Workers in retail are facing the sharp end of rising costs and technological changes as jobs cuts continue apace in the sector.
The number of jobs in the retail sector fell by three per cent in the three months to September, according to figures out today from the British Retail Consortium (BRC). The number of full-time jobs fell faster than part-time jobs, the industry body said.
Half of the retailers surveyed said they intended to increase staff levels over the Christmas period. However, Rachel Lund, head of retail insights and analytics at the BRC said there was "a lot more to come" as the retail indsutry changes how it works.
Retail's employment base has been shrinking in part due to cost increases from the devaluation of sterling and the national living wage, but the industry has also been navigating new technologies, which have reduced the number of shop-floor staff businesses require.
Helen Dickinson, chief executive of the BRC, said the pace of job reductions in the sector was "gathering steam".
"However, along with falling employment has come pay growth well in excess of the UK average, made possible by productivity gains that have outstripped those of other industries," she said.
"The challenge for retailers will be in maintaining the pace of productivity improvement as they come up against shortages of the skills needed for a new, digital-dependent industry."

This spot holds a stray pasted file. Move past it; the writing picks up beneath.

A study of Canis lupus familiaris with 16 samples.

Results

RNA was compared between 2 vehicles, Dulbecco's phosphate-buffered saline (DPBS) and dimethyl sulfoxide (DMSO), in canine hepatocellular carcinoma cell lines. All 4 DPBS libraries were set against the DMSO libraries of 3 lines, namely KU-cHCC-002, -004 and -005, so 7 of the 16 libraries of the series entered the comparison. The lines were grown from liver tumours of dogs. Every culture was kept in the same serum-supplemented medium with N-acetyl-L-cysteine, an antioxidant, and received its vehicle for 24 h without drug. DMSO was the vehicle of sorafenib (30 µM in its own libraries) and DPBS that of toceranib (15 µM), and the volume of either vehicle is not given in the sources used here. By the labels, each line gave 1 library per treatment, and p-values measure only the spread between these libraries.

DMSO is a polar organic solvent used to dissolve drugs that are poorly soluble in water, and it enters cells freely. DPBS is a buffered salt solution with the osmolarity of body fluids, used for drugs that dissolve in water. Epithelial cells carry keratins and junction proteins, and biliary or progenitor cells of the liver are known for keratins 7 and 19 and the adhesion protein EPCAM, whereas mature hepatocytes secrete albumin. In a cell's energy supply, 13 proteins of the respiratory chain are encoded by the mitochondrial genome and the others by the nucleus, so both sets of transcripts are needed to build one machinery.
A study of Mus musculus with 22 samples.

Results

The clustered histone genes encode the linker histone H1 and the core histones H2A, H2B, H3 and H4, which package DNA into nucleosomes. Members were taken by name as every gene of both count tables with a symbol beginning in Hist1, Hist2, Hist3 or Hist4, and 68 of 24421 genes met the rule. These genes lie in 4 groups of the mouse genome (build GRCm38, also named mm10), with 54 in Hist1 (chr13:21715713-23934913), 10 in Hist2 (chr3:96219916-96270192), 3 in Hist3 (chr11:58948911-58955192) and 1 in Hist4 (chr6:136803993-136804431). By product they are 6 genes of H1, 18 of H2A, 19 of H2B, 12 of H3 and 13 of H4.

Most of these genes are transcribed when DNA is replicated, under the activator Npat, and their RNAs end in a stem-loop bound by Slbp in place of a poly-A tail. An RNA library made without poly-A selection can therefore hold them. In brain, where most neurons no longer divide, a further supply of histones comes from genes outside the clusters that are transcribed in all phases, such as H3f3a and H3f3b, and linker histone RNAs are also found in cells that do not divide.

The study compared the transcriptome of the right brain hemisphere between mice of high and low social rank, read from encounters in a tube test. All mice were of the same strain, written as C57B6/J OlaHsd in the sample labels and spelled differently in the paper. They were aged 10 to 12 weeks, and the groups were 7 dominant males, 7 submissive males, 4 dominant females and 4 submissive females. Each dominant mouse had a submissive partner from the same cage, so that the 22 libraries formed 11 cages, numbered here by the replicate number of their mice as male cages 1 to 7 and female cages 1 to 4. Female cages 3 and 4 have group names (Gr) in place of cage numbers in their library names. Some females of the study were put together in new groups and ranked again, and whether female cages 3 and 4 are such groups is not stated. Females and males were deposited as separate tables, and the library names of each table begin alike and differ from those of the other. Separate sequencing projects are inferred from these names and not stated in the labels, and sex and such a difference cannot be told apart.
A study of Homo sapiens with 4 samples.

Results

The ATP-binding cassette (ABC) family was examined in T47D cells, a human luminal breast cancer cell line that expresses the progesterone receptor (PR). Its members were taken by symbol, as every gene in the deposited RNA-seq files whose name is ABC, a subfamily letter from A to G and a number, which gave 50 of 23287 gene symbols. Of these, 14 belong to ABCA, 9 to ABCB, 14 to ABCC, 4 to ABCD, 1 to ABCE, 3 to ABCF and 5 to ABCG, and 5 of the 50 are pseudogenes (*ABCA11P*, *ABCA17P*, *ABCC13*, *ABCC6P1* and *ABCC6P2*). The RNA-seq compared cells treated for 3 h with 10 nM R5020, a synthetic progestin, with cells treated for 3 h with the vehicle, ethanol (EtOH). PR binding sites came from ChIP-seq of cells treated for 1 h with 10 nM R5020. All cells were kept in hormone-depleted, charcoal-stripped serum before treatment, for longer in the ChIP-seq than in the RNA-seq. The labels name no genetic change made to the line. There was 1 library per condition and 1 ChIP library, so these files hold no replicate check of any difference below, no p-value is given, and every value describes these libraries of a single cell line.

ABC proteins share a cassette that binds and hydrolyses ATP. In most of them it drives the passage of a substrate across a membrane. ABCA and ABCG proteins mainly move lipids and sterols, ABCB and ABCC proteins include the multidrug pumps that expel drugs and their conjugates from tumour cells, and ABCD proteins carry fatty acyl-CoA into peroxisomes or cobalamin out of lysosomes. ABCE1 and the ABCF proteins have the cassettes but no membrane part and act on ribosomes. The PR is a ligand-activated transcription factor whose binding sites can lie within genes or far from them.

Some of the UK's biggest retailers have been announcing substantial job cuts this year as cost rises start to bite. In June, Tesco said it was axing 1,200 jobs in its head office, just days after it said it was cutting 1,100 jobs in Cardiff with the closure of its call centre.
Sainsbury's became the most recent supermarket to say it was letting staff go when it said it was cutting 2,000 jobs as part of its aim to save £500m over the next three years. The grocer said the market was changing rapidly, and that it had to act to make sure it could remain competitive.
Asda, meanwhile, has put over 3,000 workers into consultation in its underperforming stores, saying new till technology and other changes to how the business operates mean it will need fewer staff on the shop floor.